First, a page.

Gorbachev Rode the Tiger and Ended Up Inside It

The late Soviet leader ended the Cold War, but his botched reforms opened the way to Russia’s modern crony capitalism.

Walden Bello

 by Foreign Policy In Focus

So what are we to say about Mikhail Gorbachev, who passed away on August 30?

For one, the late Soviet leader triggered a process of socialist reform that ran out of control and ended up with Soviet socialism swept away. Under his successor, the drunken Boris Yeltsin, the West, and the International Monetary Fund were given a free hand to bring about the birth of capitalism in Russia.

Progressives would probably say the Soviet system needed reform, but Gorbachev botched it and paved the way for Putin’s authoritarian and crony capitalist rule

This destructive process of sweeping away all the institutions of state socialism via radical privatization did not give birth to the free market capitalism that the ideologues of the IMF and their Russian acolytes desired. Instead, it gave way to a system where privatized assets passed into a few hands that had mastered the system of pirate capitalism.

So great was the pain, both physical and psychological, inflicted on the Russian people that when a “savior” from unbridled capitalism emerged from the ranks of the former KGB, the Soviet security agency, they embraced him. So associated in the Russian consciousness was the chaotic liberal democracy under Yeltsin with the economic shock therapy imposed by the West that they’ve tolerated Putin’s two decades of authoritarianism cum crony capitalism as a lesser evil.

The Chinese said Gorbachev’s lessons boiled down to three: 1) never trust the West; 2) reform the economy and allow the development of private enterprise, but keep the state in a leading role; and 3) make sure the Communist Party has a firm hold of the political process.

Now one may quarrel with one, two, or all three of these propositions, but it is hard to deny the results of this approach: the emergence of China as the world’s second biggest economy, the reduction of poverty to less than 5 percent of the Chinese population, and a political system that is both stable and broadly considered legitimate within the country.

To be sure, there are problems that many point to, like environmental crises and lack of democratic participation, but the ordinary Chinese would probably respond: “Sure, we have many problems, but would we exchange this system for that of the United States? Of course not.”

The U.S. infrastructure and economy overall are in such a decrepit state that some Americans say all it takes to convince an American to realize that the Chinese system is superior is to take the high speed train that travels the 819 miles from Shanghai to Beijing in just 4.5 hours. (Amtrak, by contrast, covers the 457 miles from Boston to Washington, D.C. in 7 hours—and it ain’t no point-to-point train!)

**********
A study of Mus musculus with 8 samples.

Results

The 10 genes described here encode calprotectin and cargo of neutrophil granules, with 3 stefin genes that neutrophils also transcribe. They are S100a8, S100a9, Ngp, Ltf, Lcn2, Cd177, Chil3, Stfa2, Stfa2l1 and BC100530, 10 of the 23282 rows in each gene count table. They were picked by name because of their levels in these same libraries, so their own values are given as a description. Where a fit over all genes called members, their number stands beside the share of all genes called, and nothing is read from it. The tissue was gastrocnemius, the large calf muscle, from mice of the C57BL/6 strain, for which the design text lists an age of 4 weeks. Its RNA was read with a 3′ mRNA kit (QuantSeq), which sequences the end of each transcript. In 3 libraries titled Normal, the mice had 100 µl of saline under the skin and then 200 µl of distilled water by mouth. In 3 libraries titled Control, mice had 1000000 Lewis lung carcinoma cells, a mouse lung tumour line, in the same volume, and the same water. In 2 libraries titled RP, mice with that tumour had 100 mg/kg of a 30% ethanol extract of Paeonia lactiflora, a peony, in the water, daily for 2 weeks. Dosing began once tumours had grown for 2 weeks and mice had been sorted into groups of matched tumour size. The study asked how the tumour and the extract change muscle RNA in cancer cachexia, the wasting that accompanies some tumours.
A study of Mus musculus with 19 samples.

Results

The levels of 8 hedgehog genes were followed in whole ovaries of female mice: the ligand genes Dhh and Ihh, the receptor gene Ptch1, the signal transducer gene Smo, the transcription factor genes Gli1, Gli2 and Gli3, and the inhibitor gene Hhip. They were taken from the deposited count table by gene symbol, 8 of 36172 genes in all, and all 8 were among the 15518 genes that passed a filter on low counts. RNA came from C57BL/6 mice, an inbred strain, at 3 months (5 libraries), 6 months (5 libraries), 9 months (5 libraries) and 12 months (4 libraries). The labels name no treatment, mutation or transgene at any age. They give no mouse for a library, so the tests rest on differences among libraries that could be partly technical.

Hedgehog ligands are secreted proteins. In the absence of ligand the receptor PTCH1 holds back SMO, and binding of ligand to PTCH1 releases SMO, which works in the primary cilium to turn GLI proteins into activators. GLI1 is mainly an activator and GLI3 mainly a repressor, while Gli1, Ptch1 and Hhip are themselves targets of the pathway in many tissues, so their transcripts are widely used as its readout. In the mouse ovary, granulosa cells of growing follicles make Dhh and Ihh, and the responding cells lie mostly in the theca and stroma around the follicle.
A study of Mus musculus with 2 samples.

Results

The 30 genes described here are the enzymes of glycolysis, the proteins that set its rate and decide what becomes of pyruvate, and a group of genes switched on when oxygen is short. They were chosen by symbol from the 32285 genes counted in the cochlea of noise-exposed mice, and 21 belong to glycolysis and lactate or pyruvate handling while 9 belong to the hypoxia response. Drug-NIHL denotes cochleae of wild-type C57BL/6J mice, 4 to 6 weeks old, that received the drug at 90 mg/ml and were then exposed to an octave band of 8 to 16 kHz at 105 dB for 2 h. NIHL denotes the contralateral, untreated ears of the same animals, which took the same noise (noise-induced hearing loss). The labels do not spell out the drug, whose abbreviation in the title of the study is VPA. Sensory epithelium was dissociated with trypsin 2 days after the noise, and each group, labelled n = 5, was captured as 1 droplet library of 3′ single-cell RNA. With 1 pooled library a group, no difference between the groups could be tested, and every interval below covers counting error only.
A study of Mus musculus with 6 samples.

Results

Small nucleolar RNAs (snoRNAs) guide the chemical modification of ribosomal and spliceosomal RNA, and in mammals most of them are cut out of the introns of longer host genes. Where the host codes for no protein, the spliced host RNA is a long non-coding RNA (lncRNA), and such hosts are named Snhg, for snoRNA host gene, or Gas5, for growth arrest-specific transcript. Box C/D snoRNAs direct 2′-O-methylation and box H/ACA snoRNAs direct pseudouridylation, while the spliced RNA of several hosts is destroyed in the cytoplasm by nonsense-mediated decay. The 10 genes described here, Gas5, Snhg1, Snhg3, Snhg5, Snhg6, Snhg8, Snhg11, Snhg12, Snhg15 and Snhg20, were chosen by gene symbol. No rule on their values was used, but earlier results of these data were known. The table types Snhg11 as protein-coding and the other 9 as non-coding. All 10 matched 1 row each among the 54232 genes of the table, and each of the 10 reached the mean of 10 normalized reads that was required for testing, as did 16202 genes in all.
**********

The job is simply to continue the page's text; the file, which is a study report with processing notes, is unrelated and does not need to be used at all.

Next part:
But back to Gorbachev. How should he be judged?

Certainly to the Western elite, he was and is a hero since he helped eliminate a major rival to capitalism. Progressives would probably say the Soviet system needed reform, but Gorbachev botched it and paved the way for Putin’s authoritarian and crony capitalist rule. And the Chinese would probably say he’s important as an example of how not to manage an economy and political system.

And what do I say?

I think Gorbachev was naïve in his dealings with Ronald Reagan and the West, who were not interested in Soviet reform but in bringing down the Soviet Union. But being a product of the Soviet system, he realized that he was unleashing a process in a complex system of control dominated by the gargantuan Soviet Communist Party that could only have unpredictable consequences.

Gorbachev knew he was riding the tiger. And while I may have had disagreements with some of his policies, I’ve always respected people who don’t fear to ride tigers even when they know they might end up in them, as Gorbachev did.

© 2021 Foreign Policy In Focus
Walden Bello

Walden Bello

Walden Bello is the co-founder and current senior analyst of the Bangkok-based Focus on the Global South and the International Adjunct Professor of Sociology at the State University of New York at Binghamton. He received the Right Livelihood Award, also known as the Alternative Nobel Prize, in 2003, and was named Outstanding Public Scholar of the International Studies Association in 2008. His books include: "Counterrevolution: The Global Rise of the Far Right" (2019) and "Capitalism's Last Stand?: Deglobalization in the Age of Austerity" (2013).